Some years ago, the British film director (and wonderful friend and collaborator) Nicolas Roeg gave me a book and told me, “Read this, it will change your life.”

I had no idea what to expect – except that with Nic, I trusted that he knew what he was talking about.  I went home and read the book, Paul Bowles’ magnificent novel, The Sheltering Sky, set in Morocco and first published in 1949, and indeed it both woke me up, psychologically and emotionally, and changed the way I thought about things.

The novel is set in Morocco, where American-born composer and writer Bowles lived for most of his life, and among its other effects, The Sheltering Sky made me fall in love with the country, too.  Marrakesh became one of my favorite cities in the world (I still dream of its exquisite architecture, its wonderful people and its unforgettable desert beauty) and the drive from there to the Sahara through the Atlas Mountains is still one of the most memorable and remarkable journeys I have ever made.  To touch snow in the Atlas Mountains on the same day that you ride a camel up a Saharan sand dune is to know how extraordinary our world is.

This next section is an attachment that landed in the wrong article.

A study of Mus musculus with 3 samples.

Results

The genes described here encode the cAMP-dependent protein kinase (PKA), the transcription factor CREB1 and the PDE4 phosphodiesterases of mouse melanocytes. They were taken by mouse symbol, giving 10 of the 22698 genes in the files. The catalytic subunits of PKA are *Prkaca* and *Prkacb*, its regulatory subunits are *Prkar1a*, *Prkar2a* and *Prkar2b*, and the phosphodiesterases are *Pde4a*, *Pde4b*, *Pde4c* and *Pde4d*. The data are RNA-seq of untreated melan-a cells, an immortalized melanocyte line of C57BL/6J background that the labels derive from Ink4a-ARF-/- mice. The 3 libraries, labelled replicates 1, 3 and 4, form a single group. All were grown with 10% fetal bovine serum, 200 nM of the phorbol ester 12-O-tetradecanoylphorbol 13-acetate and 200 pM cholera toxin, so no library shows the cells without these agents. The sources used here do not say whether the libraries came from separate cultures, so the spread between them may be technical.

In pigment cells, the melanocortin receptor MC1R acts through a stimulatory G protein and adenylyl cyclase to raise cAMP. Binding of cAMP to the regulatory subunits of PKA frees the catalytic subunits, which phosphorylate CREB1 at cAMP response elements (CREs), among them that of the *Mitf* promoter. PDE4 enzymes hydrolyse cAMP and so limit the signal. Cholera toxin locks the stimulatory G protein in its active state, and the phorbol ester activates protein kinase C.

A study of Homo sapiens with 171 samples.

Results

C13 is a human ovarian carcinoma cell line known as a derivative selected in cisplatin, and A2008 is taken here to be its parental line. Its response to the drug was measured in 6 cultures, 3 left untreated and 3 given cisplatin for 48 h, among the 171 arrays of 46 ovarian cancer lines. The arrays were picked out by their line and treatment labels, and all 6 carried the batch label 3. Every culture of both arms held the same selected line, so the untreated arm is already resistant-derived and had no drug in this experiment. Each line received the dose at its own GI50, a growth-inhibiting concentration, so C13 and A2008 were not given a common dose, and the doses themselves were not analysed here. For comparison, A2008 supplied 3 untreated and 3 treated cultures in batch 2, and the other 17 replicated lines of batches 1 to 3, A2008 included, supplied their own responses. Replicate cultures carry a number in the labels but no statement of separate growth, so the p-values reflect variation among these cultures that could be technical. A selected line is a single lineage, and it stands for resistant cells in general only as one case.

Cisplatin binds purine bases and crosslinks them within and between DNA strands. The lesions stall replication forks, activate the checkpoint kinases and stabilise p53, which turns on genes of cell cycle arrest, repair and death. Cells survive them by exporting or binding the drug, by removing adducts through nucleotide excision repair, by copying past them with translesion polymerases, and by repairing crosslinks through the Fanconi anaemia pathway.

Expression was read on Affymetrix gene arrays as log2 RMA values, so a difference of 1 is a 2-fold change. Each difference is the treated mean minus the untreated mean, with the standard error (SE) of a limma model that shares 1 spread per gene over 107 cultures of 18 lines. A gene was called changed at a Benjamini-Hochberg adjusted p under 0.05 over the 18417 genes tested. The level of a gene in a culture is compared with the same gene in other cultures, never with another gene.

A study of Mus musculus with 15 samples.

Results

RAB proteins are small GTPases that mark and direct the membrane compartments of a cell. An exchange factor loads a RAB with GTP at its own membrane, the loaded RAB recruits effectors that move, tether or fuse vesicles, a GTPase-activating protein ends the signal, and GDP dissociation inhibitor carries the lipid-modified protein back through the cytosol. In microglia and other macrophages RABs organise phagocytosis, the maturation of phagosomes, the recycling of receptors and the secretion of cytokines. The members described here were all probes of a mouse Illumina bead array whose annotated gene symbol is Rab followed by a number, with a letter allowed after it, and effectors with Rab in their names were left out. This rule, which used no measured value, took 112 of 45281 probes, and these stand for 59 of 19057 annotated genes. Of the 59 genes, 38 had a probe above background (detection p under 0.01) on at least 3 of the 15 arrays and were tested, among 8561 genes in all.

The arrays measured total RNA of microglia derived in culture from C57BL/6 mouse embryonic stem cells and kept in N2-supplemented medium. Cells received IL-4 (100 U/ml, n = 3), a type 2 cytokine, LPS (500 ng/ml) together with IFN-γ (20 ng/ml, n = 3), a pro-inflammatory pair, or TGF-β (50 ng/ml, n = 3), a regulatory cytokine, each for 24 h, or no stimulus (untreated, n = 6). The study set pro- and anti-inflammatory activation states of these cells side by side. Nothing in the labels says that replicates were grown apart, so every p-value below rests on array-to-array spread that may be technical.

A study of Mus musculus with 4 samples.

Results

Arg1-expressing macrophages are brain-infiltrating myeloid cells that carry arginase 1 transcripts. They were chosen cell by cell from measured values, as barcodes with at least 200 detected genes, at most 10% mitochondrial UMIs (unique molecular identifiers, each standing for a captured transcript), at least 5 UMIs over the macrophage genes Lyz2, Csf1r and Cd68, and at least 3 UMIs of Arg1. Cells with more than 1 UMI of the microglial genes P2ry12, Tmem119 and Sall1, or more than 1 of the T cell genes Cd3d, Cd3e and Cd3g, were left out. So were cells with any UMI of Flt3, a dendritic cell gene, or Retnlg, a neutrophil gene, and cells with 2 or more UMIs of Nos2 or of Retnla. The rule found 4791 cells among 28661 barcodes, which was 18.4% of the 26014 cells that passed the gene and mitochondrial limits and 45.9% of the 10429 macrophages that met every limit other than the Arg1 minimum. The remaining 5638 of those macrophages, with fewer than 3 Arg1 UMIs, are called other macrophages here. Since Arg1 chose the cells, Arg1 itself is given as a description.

Recently I mentioned to a friend, Lisa Anderson, my favorite passage from the book – which literally made me sit up and think differently about life, so startling are the words.  Lisa, who also found it remarkable, was kind enough to look it up and email it to me, so here it is.  Please read it, and read the whole of The Sheltering Sky.

Bernardo Bertolucci’s 1990 movie of the book captures some of its mystery, but nothing can compare with reading Paul Bowles’ masterpiece.  (His short stories are also probably the best I have ever read.)

"Death is always on the way, but the fact that you don't know when it will
arrive seems to take away from the finiteness of life. It's that terrible
precision that we hate so much. But because we don't know, we get to think
of life as an inexhaustible well. Yet everything happens a certain number of
times, and a very small number, really. How many more times will you
remember a certain afternoon of your childhood, some afternoon that's so
deeply a part of your being that you can't even conceive of your life
without it? Perhaps four or five times more. Perhaps not even. How many more
times will you watch the full moon rise? Perhaps twenty. And yet it all
seems limitless."
- Paul Bowles (The Sheltering Sky)



  1. What a wonderful quote. Someone asked me a few days ago why I wanted to do something different with the rest of my life and I said it was because I'm not here for long. He thought that was morbid, but I thought it was quite sensible!

  2. Thank you, I have always thought it the most extraordinary quote, and not morbid at all. People who use the word "morbid" are, I suspect, not at one with the idea of death. We may be eternal in one sense but our individual experience of life is quite brief. It helps us to appreciate each moment when we value each moment, in my opinion!